Suppose you’re the owner of a small business, a local bakery supplying various restaurant customers and local grocers, employing 200 people. You provide an essential product, and your business is an important source of fresh baked goods for the community. Now, because of this pandemic, you can no longer procure health safety products (gloves, masks, hair-nets, booties, etc.) for the food handlers. As is typical in industrial areas, your offices are in the same building as the production bakery, with a shared main entrance and exits. You cannot isolate areas for reasons of fire code. You have no choice but to close up shop.
Now you see advertisements for thermal imaging equipment that can be deployed in a single day and claims to be more than 99 percent accurate in screening for COVID-19. You can quickly set this up, efficiently screen your workers, and get back in business, right?
Wrong. FLIR, the global leader in thermal imaging technology for military and civilian applications for the past 50 years, issued a formal statement about companies claiming to utilize their thermal cameras in “COVID-19 Detection” schemes. They stated: “Can thermal cameras be used to detect a virus or an infection? The quick answer to this question is no, but thermal imaging cameras can be used to detect Elevated Body Temperature.”
Screening for elevated body temperature could allow any or all of the following scenarios to occur:
- The equipment identifies someone with a fever. As it turns out, that person does have COVID-19. When they should have been quarantined at their home or in a hospital, you have brought them to your place of business, potentially exposing your entire staff as they waited in line, the staff people who screened them, as well as anyone they came in contact with on the way to work.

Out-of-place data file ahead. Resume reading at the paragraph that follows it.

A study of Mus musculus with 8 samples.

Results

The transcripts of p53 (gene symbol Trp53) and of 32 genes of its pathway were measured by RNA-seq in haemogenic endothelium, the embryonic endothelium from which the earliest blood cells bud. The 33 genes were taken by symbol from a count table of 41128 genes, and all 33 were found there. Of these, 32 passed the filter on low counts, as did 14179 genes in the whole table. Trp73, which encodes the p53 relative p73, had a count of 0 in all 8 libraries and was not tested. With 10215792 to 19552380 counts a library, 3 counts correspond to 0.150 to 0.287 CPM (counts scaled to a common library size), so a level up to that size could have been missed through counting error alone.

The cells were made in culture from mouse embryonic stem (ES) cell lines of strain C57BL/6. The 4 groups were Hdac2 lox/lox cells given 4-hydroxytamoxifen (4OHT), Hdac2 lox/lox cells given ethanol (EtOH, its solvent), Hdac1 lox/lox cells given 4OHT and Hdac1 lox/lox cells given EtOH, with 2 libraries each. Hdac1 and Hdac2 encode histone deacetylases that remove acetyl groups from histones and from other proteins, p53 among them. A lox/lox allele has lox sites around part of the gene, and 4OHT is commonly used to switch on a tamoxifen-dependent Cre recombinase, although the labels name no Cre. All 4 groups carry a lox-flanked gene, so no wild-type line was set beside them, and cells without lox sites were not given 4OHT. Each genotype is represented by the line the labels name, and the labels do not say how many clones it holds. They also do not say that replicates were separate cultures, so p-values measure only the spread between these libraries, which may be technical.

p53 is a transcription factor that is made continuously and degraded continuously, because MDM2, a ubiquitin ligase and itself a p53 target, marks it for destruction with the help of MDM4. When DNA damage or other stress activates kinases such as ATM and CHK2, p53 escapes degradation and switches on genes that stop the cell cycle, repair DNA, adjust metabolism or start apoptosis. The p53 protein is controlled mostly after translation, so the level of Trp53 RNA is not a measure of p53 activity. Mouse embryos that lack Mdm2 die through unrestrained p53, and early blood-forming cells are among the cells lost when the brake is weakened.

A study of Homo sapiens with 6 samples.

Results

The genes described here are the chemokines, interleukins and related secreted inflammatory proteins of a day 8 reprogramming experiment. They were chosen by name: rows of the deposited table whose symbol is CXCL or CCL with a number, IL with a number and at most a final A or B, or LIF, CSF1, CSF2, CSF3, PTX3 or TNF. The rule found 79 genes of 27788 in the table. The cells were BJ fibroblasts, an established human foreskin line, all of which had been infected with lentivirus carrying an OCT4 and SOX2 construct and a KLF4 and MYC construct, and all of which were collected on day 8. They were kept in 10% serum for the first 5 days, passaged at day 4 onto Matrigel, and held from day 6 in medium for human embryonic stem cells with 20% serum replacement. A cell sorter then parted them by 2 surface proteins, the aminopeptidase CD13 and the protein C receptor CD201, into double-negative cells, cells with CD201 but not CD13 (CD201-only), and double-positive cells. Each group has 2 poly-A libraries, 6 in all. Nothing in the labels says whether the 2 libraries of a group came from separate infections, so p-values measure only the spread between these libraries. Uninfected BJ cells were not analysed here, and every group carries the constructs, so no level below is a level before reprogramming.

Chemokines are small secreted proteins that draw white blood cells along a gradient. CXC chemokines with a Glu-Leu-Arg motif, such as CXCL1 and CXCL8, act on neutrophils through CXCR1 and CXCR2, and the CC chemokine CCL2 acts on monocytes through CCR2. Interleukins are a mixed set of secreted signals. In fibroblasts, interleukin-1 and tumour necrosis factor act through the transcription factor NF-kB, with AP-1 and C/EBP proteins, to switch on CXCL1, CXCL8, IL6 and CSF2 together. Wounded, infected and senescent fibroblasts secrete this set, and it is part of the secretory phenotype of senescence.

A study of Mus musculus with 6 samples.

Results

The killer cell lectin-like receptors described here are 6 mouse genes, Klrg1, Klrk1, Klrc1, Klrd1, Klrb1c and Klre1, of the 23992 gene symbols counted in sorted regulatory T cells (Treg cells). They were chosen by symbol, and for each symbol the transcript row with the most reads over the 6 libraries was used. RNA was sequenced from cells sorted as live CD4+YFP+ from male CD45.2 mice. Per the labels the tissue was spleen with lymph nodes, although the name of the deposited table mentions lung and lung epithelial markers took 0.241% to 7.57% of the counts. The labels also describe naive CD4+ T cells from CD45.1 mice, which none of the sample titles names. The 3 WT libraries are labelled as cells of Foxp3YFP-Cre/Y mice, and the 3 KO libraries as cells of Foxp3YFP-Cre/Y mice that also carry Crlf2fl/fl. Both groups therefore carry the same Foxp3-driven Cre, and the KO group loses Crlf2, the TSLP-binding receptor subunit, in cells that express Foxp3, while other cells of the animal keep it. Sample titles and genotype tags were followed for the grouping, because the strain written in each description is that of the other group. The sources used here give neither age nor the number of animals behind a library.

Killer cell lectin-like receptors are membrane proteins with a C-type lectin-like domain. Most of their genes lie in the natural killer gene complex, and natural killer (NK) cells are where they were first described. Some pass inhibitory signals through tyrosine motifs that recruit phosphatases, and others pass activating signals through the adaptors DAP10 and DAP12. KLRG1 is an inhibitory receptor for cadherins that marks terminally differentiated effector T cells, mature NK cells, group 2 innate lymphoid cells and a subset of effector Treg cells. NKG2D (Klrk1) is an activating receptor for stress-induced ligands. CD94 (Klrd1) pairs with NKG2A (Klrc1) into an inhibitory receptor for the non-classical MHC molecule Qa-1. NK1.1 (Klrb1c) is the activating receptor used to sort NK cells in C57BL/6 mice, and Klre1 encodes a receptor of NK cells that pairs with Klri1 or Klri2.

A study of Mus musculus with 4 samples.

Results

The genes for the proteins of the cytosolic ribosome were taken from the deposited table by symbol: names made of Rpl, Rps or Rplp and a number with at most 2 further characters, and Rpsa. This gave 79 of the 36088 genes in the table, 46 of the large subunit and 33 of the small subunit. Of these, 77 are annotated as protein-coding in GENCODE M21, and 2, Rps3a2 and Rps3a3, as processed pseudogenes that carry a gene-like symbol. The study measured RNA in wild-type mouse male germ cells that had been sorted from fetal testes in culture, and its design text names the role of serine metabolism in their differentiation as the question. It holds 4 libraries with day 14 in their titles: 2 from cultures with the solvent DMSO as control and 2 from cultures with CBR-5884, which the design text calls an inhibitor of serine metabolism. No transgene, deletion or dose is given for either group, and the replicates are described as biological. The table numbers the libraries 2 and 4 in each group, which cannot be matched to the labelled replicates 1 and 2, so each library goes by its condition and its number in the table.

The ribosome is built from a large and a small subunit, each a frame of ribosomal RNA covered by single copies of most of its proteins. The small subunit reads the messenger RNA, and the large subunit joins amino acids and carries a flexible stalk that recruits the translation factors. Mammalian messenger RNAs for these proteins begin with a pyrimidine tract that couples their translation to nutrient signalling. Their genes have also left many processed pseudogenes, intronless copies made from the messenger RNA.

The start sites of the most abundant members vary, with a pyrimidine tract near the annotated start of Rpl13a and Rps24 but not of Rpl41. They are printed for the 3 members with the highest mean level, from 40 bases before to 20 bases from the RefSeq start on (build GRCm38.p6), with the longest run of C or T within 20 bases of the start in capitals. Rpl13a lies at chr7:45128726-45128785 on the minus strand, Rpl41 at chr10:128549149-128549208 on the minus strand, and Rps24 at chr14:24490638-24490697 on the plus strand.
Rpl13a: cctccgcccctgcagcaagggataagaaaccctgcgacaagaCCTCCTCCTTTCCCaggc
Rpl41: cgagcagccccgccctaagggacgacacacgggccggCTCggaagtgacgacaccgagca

- Someone has COVID-19 but really needs their paycheck. They take over-the-counter products to bring their fever down and control their cough and make it through the screening.
- Someone does not have COVID-19 or any infectious disease but does register a fever. This person must go home and be quarantined for 14 days or be tested for the virus.
In claiming to be screening for COVID-19 using thermal imaging, organizations also have to consider these elements of liability:
- At what point does screening for a fever become a medical test? At what point does the result of that screen become protected personal medical information (PMI)? It is common and legal for employers to conduct drug screening. However, those tests are done by trained medical professionals using FDA-approved testing procedures with long-established reliability.
- Can an employer legally require screening for fever by a device that is not FDA-approved and not conducted by a medical professional?
- Does your Human Resources department have adequate training in the handling of HIPAA-protected PMI? Does the security staff that would presumably be tasked to operate the thermal imaging equipment and software?
- When you’ve identified someone with an elevated body temperature, how far does your level of responsibility extend in terms of notifying those the person may have come in contact with on the way to work?
In the future, thermal imaging may be incorporated as part of well-planned, layered solutions to infectious disease containment in certain types of facilities. It is not, however, a one-off solution for businesses under the current circumstances. Selling it as such is irresponsible and dangerous.
We have a responsibility as an industry to lend our expertise to help in any way we can. We also have a responsibility not to take advantage of the crisis to do business in ways that could worsen it for the public and our clients.